Last year, the Environmental Protection Agency filed a complaint against Volkswagen alleging that they violated the Clean Air Act. Volkswagen was found guilty and agreed to spend billions to settle these allegations, which includes a $2.9 billion Environmental Mitigation Trust. Over the next 10 years, the trust will fund environmental mitigation projects that specifically reduce emissions of nitrogen oxides, known as NOx.
Transit agencies could benefit from eligible projects, which include class 4-8 shuttle or bus replacement and class 4-7 medium-duty truck replacement.
Each state will receive a set amount based on the number of affected vehicles sold in that state. You can find a state-by-state listing at ROUSHcleantech.com/volkswagen-settlement/. Wilmington Trust has been appointed as the Trustee to allocate the funds. Once the trustee effective date is set, state beneficiaries will be named, and states can file their mitigation plans for Trustee approval.
What can you do? Start by learning who your state’s beneficiary is and let them know why they should allocate funding toward propane autogas-fueled transit vehicles. Then understand how to convert your fleet to propane autogas. Here are three steps.
Step 1: Understand the benefits.
Propane autogas can reduce your costs and your emissions.
Propane autogas costs about 40 percent less than gasoline and 50 percent less than diesel. Transit fleet operators have experienced lower costs for oil changes and routine maintenance due to the fuel’s clean-burning properties.
Michigan’s SMART projects total fuel and maintenance savings for its 61 propane autogas bus fleet to be $1.1 - $1.7 million over the lifetime of the fleet, with a return on investment of less than four months.
Propane autogas is naturally lower in NOx than gasoline or diesel. Vehicles fueled by propane autogas emit fewer greenhouse gases and fewer particulate emissions than models fueled by gasoline. When compared to conventional diesel, fueling with propane autogas results in an estimated 80 percent reduction in hydrocarbon emissions and virtually eliminates particulate matter.
By fueling with propane autogas, Florida’s LeeTran is eliminating 1.8 million pounds of carbon dioxide over the lifetime of its 20 shuttles, compared to conventionally fueled counterparts.
Step 2: Assess your current fleet.
High-mileage, fixed-route transit and shared ride, advanced reservation paratransit buses are an ideal fit for fueling with propane autogas.
Compare total cost of ownership between various vehicles. The higher the annual miles driven and the lower the vehicle’s fuel efficiency, the more likely propane autogas will provide a quick return on investment. A savings calculator, propane.com/on-road-fleets/calculator/, will help you measure the cost per mile.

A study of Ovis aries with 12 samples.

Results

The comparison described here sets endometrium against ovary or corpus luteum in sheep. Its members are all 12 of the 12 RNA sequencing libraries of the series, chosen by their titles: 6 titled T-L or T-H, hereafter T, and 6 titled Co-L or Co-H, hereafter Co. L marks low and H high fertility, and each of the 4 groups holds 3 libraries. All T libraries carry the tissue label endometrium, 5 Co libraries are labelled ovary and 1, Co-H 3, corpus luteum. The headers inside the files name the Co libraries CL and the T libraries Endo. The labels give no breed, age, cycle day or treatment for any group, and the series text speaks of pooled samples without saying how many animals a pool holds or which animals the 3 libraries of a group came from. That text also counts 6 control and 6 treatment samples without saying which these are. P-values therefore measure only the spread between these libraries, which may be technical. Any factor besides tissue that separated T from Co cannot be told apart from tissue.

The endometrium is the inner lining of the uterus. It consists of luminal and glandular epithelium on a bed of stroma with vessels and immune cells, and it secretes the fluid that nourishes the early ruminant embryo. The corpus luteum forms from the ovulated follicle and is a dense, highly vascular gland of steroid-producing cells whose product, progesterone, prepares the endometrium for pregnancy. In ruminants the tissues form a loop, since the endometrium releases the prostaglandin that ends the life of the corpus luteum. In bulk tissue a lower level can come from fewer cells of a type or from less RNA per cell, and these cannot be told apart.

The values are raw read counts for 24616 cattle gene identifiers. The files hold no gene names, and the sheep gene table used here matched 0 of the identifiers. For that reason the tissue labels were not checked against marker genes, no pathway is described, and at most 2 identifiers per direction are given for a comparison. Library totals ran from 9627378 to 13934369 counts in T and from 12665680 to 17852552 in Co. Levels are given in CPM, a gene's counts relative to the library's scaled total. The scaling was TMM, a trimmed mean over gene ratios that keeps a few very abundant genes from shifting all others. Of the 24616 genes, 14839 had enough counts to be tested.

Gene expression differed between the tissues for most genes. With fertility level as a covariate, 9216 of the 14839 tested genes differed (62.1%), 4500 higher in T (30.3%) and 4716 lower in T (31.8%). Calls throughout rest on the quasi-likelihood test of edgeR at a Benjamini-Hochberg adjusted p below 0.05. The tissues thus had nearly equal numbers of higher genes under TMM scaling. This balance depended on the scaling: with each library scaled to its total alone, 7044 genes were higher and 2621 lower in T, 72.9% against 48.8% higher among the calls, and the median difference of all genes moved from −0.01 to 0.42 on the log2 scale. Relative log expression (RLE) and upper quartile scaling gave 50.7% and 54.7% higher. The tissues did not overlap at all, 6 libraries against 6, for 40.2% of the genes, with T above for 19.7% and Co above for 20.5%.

There are several propane autogas options ideal for public transportation. For instance, Ford offers a full line of commercial vehicles that come with engines prepped from the factory for gaseous fuels like propane autogas.
For paratransit applications, the medium-duty Ford E-450 chassis equipped with a ROUSH CleanTech propane autogas fuel system has completed Federal Transit Administration’s New Model Bus Testing Program and can be purchased using a transit agency’s FTA funds. The medium-duty Ford F-550 chassis mini-bus option come equipped with a Ford 6.8L V10 engine and ROUSH CleanTech propane autogas fuel system.
Each of these models can be upfitted to meet the transit agency’s specifications, and would qualify for funding from the Environmental Mitigation Trust.
Step 3: Determine a fueling strategy.
Your fueling choices are to fill up at public propane autogas fueling stations, at a private pump on your fleet’s premises or to contract for onsite fueling services.
Because agency vehicles usually return to a central point, an onsite propane station works well. Propane providers specialize in helping fleets choose the right fueling option based on fleet size, routes, budget and facility space. Many propane providers will install a station at no cost with a fuel contract.
Another option is to contract with a propane supplier to perform onsite propane autogas fueling services. The propane supplier comes to your location and fuels from their bobtail truck. And for fleets with limited space, public stations can be the solution.
Funds from the trust could be available soon. Now is the time to make the case for clean-burning propane autogas transit vehicles to reduce NOx and save money.
Todd Mouw is vice president of sales and marketing for ROUSH CleanTech and has served as president of the NTEA Green Truck Association.